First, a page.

Empirical medical therapy for idiopathic male infertility
Original Articles: Male Factor
Volume 1, Issue 1, Pages 15–20
Hatim Thaker, M.D., Edmund Y. Ko, M.D., Edmund S. Sabanegh, M.D., Robert E. Brannigan, M.D., Joseph P. Alukal, M.D., Mary K. Samplaski, M.D.
To determine if there has been a change in empirical medical therapy (EMT) practices since a 2010 American Urological Association survey reported that 25% of urologists treated infertile men who were pursuing a pregnancy with testosterone (T).
Survey-based cohort study of AUA members.
Practice patterns were evaluated of urologists in academic and nonacademic hospital centers.
Practice patterns were evaluated in the treatment of men with idiopathic infertility.
Main Outcome Measure(s)
Subgroup analysis by means of univariate analysis between means (Fisher exact test) and descriptive proportions was used to compare male infertility fellowship–trained urologists (RUs) to general urologists (non-RUs).
A total of 191 urologists responded (4.7%). Excluding trainees, 164 responses (85.9%) were analyzed: 134 (82.3%) were from non-RUs and 29 from (17.7%) RUs. Over all, 65.9% treated male infertility with a combination of EMT and surgery (93.1% of RU vs. 60.4% of non-RUs). The most common medications used by RUs were clomiphene (100%), anastrozole (85.7%), and hCG/LH (82.1%). Non-RUs used these less frequently. Overall, 24.4% of the urologists reported that they would use T to treat male infertility: 14.4% (n = 4) of RUs and 24.4% (n = 30) of non-RUs.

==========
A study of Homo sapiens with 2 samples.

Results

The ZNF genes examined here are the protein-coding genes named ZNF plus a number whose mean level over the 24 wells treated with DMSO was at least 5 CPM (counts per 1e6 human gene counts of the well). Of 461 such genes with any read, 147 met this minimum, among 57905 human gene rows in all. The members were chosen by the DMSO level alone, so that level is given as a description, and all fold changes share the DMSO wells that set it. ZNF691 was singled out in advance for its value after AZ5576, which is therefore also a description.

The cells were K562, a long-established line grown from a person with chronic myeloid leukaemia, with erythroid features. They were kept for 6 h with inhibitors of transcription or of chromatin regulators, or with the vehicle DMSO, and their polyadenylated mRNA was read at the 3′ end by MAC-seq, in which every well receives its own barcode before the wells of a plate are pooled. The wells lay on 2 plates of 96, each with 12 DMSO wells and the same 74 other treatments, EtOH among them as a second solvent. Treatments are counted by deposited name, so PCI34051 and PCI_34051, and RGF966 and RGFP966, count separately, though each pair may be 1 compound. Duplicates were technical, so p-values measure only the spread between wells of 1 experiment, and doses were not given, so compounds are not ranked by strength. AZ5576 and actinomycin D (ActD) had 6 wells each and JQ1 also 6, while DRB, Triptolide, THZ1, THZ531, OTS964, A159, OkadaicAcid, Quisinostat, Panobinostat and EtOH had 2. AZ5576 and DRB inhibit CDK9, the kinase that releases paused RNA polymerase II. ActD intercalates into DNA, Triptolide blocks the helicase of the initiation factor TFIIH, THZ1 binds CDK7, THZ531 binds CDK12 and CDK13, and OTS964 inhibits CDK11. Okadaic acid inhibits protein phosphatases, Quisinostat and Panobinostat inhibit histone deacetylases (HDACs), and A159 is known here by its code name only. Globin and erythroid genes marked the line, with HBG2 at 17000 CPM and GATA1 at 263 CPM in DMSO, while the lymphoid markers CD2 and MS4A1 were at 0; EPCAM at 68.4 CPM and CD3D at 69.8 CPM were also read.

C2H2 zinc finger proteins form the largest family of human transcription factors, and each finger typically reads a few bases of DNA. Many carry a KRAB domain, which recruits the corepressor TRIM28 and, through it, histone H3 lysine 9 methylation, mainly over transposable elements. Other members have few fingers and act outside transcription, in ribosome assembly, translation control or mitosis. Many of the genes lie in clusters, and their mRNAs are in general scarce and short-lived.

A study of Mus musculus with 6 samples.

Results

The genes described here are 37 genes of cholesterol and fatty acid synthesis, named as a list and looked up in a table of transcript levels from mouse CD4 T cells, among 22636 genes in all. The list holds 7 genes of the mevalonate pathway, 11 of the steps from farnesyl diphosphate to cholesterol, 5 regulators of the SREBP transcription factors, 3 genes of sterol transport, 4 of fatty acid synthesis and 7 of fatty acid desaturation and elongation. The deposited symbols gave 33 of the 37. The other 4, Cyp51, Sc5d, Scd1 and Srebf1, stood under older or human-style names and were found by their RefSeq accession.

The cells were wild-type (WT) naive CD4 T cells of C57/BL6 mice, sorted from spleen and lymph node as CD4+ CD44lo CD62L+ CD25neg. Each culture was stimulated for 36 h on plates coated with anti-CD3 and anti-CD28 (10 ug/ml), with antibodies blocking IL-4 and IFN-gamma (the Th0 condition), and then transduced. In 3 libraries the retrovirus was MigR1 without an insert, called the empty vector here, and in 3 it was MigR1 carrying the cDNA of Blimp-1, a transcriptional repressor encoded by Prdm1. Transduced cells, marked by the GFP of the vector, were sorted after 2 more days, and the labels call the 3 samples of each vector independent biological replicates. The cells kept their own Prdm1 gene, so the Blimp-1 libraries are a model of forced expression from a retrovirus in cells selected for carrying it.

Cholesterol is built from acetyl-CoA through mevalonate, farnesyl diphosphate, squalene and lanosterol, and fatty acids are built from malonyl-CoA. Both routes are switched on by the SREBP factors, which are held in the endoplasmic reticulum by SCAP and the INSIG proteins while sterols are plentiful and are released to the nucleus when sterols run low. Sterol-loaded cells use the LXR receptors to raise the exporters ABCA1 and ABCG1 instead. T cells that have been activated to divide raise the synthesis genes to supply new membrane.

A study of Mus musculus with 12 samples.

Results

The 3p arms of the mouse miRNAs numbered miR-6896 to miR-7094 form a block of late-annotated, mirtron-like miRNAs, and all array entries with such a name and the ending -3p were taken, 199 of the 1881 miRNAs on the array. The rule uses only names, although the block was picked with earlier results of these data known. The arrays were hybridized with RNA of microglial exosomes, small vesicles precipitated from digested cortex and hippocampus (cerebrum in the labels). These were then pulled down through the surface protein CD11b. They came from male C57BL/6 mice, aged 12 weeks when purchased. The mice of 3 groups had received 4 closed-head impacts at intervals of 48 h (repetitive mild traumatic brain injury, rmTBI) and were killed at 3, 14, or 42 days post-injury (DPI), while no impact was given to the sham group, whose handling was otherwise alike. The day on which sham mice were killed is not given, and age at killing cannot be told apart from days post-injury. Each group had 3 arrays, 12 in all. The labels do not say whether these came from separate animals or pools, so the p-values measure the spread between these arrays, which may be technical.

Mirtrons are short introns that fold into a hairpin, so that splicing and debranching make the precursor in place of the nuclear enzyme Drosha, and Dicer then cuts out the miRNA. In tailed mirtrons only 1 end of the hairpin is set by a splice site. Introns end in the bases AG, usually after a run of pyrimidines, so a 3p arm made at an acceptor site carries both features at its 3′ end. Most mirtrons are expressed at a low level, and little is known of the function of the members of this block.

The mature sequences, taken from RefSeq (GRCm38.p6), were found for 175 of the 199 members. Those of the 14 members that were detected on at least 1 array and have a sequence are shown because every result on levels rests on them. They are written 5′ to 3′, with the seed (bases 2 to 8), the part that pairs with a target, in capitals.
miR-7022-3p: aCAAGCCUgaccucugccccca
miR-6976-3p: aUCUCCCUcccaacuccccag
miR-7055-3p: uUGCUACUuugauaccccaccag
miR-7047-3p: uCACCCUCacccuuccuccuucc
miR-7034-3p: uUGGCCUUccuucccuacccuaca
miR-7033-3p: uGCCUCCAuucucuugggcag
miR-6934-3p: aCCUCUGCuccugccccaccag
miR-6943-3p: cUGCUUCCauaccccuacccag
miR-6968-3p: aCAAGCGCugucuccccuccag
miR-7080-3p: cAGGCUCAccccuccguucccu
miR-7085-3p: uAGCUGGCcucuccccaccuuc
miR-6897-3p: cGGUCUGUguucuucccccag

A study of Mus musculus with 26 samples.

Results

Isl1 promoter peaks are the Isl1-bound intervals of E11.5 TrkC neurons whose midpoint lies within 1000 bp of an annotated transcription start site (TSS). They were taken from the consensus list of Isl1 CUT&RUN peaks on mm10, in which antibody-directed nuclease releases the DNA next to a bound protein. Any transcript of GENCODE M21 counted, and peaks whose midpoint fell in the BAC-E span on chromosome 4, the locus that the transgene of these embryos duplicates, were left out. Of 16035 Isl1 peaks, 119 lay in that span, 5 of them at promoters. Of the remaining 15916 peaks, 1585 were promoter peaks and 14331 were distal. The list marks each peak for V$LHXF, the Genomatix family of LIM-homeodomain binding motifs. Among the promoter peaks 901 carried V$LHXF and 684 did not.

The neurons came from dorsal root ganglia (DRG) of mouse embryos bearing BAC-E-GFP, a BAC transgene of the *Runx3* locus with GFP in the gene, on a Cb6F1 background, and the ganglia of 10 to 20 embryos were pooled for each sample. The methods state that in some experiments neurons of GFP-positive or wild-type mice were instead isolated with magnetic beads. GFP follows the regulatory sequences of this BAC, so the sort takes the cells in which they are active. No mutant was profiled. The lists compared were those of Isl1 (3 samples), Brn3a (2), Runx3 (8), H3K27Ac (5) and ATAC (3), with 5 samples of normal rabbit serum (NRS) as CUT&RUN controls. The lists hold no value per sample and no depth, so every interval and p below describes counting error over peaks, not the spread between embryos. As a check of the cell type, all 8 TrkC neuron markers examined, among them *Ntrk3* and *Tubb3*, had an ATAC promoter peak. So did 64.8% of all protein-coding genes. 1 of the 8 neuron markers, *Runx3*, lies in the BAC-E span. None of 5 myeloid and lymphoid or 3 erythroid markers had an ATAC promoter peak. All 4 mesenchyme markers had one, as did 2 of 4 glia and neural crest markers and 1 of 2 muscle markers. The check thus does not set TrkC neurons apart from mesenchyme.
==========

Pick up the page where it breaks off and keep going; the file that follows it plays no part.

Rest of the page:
A total of 65.9% of urologists would treat male infertility with the use of EMT and surgery. The most common EMTs were clomiphene, anastrozole, and hCG/LH. Of concern, 24.4% of urologists considered T to treat male infertility, a medication with known contraceptive potential. This is unchanged from the 2010 survey, and confirms the need for reproductive medicine guidelines that include the topic of EMT use in infertile men.